The celebrated international artist Christopher Bucklow is well known to followers of the Toshidama Gallery. The artist is currently celebrating a lifetime retrospective of paintings and photographs at the Southampton City Art Gallery in England. Toshidama Gallery director, Alex Faulkner has long been a collaborator with Bucklow, on joint exhibitions as half of the fictional duo Dimitri & Wenlop, and now as author of the lavish catalogue that accompanies the exhibition.
The show brims with exhilirating references to the ukiyo-e prints of which Bucklow is an avid collector. Outstanding among these though, is a recent painting; The Moon’s Inner Vision from 2016. (top).
The Moon’s Inner Vision exemplifies many of the themes which dominate the paintings in this huge exhibition. As with many of Bucklow’s recent works, the picture respects the living space of each group or single figure – there is a single canvas dedicated to each set. This device, this way of dividing the picture, is a nod to the ukiyo-e tradition of the nineteenth century, whereby kabuki prints especially were sold either as individual sheets or in multiples of two or three… the final design being more frequently conceived as a panoramic triptych. Of course, the idea was that the avid fan could save money by not purchasing the prints of his less favoured actors. I suspect Chris Bucklow might not be open to such an offer on this particular work!
Central to the piece is the enigmatic figure above which is derived from two sources, the first, a print by Kunisada of the Ghost of Oiwa from a triptych depicting the actors Ichikawa Ebizô V as Tamiya Iemon on the right and Onoe Kikugorô III as the Ghost of Oiwa in the centre.
Bucklow has transformed the figure. In kabuki dramas, Oiwa is the hapless victim of her miserable husband and his scheming lover. Interestingly, she is always depicted as the disfigured monster that was her fate before her murder. Kunisada here chooses to show her as a great beauty. Bucklow has transformed… rescued, even, Oiwa and turned her into a Madonna, a Mary. The magical transformation is effected by splicing (grafting) Kunisada’s Oiwa onto the outstanding painting by Paul Gauguin, Ia Orana Maria, (Hail Mary). Bucklow has decorated his Oiwa with the rich Tahitian colours and the specific vegetation of the exotic and living Gauguin…
I want to break off here and talk briefly about grafting, (vegetation in fact). Bucklow’s very earliest mature work was exhibiting unlikely, grafted hybrids of commercial or household plants. The works themselves were plant forms that he had either altered genetically or otherwise combined by grafting species together. (Hyacinthus Orientalis at Selborne, Dianthus chris eubank, Potato-tomato plant, Pear-hawthorn graft, variously shown in 1993 at the Lisson gallery, London and in 1996 at the Museum of Modern art in Oxford).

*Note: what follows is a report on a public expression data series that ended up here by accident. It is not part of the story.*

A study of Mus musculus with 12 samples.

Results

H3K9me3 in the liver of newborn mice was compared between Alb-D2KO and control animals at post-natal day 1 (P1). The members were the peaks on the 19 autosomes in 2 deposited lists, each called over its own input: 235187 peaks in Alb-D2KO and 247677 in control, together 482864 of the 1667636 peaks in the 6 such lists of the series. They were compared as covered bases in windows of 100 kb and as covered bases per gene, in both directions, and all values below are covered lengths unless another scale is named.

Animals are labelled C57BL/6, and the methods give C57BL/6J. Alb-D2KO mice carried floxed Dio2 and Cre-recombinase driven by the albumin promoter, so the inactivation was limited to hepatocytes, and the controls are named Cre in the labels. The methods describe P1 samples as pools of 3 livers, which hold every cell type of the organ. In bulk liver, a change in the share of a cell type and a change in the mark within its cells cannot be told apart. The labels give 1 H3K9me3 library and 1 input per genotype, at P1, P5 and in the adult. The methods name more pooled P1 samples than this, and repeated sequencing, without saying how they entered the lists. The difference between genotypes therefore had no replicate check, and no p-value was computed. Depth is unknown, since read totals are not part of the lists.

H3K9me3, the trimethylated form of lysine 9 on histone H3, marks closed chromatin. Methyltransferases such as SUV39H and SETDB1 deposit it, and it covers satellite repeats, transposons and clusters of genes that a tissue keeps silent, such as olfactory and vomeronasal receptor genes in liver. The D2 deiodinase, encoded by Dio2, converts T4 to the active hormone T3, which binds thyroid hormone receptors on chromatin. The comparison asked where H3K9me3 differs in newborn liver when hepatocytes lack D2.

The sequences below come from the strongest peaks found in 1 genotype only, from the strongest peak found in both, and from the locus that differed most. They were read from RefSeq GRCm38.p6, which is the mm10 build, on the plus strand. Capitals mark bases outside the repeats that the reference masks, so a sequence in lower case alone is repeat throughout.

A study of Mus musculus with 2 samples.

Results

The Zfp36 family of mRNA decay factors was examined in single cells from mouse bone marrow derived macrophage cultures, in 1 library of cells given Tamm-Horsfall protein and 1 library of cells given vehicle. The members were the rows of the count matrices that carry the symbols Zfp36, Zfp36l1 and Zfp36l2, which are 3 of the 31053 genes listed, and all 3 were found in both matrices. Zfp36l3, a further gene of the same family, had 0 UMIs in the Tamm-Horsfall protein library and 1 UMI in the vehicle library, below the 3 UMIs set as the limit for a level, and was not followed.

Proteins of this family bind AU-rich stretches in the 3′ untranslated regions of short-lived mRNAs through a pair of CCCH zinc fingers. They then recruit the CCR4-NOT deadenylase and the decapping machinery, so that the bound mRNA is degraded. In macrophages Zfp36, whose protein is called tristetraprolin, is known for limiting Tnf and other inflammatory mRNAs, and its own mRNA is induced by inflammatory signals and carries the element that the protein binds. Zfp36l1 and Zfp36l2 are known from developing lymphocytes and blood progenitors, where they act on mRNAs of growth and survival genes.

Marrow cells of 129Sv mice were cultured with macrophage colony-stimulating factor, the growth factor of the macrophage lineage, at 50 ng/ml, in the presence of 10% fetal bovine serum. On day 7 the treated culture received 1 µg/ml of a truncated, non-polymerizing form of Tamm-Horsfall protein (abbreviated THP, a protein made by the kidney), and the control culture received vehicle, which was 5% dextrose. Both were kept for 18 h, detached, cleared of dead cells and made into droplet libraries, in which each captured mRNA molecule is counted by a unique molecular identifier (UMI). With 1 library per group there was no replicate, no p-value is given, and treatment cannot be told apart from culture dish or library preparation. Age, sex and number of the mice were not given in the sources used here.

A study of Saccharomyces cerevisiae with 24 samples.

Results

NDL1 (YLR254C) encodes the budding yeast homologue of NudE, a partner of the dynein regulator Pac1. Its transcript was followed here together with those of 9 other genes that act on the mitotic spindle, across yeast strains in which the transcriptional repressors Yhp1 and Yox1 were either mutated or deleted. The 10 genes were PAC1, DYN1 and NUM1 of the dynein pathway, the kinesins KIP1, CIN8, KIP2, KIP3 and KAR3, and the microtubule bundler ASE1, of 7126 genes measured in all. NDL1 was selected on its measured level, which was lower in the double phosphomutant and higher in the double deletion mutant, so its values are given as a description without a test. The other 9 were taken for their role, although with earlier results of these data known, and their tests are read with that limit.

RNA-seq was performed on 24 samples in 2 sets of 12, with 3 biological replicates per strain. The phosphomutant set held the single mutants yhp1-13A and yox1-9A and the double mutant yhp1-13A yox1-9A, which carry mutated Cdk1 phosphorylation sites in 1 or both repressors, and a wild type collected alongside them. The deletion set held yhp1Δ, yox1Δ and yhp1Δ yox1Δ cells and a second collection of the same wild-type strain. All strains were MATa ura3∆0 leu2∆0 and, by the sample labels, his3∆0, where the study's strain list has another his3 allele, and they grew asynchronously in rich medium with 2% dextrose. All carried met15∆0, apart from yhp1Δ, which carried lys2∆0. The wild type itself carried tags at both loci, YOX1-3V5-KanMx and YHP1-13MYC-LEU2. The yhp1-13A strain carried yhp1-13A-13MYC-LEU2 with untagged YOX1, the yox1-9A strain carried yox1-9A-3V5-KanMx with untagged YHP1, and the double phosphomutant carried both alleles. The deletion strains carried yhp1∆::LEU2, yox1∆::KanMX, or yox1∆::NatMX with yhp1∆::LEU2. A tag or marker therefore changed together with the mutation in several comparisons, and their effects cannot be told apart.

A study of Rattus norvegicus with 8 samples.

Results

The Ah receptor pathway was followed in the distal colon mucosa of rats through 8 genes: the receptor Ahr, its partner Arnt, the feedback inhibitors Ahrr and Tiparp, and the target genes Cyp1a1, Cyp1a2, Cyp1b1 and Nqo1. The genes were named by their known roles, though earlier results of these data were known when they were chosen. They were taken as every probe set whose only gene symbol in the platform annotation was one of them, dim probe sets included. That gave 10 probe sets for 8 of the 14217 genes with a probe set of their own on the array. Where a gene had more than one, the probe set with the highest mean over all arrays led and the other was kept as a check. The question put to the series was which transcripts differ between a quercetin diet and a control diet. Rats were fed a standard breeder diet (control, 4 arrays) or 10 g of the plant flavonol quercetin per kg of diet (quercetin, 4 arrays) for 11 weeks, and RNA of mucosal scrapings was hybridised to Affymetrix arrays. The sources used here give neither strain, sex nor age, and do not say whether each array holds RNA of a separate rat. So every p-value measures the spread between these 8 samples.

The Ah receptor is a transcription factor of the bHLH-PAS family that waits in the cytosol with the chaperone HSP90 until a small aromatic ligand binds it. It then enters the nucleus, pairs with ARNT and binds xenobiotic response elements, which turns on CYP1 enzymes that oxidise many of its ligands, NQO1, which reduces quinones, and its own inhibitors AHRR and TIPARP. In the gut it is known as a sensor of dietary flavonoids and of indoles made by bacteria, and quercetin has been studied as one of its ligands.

His practice of combining; colliding disparate things to create surprising and new objects has its basis in these plant based works which became a constant through many of his ideas and his made pieces, photographs and latterly, paintings. This fertilisation, is unpredictable, fecund, and bountiful. As in this hybrid painting where the vegetation is Gauguin’s, and the stem is Kunisada’s it produces a hybrid ‘Mary’. A mother Godess figure, the Dream Sender, the Queen of Heaven, the Repair between East and West. It is the central figure that links, via the spirals of tarot cards, the bound figures in the left panel with the ominous, Balzacian figure that towers in the right.
The bound figures in the left hand panel are derived from a William Blake print, Vision of the Daughters of Albion…. Bromion and Oothon:
They represent an aspect of the artist in a dream, as does the ‘released’, combined form on the right, itself derived from a 2016 painting by Bucklow in the exhibition called The Repair.
There is a lot to take in here. The painting is enormous… over five metres long. The central panel, this hybridised Mary figure… a distant echo of Gauguin, of tragic, (rescued now) Oiwa, and even another figure in Bucklow’s pantheon, Eliot’s Mm. Sostrisis. She is the Moon of the title, the visionary, the repairer and the soothsayer.
Oothon, one of the suggested figures on the left is of course another version of Oiwa and her doomed but vengeful husband. Oothoon, (the female) is in love with Theotormon, who represents the chaste man, filled with a false sense of righteousness. Oothoon desires Theotormon but is suddenly, violently raped by Bromion (pictured above). After Oothon is raped neither Bromion nor Theotormon want anything to do with her. Oothon and Oiwa are similar, aren’t they? They are both victims of the rage and passion of men. The powerful figure in the centre of the picture, the Dream Sender, restores and repairs the balance… the yin and the yang, if you like. The figure on the right, the repaired lovers, reveals the longed for truce which eludes us all.
A further twist is the relationship that Blake made implicit in his print of Bromion and Oothon with the often repeated allegory of Plato’s Cave, (illustrated above). Blake used Plato’s Allegory of the Cave in Visions of the Daughters of Albion as a theme for the three characters not being able to understand the true nature of reality, without being hindered by convention. By coincidence, the title of the catalogue essay for Bucklow’s retrospective is Bucklow’s Cave. It argues that the artist uses Plato’s analogy as the primary motivation behind the making of his work, as for Bucklow, the real drama takes place behind the screen.
Christopher Bucklow, Said Now and For All Time is at Southampton City Art Gallery until 13 January 2018.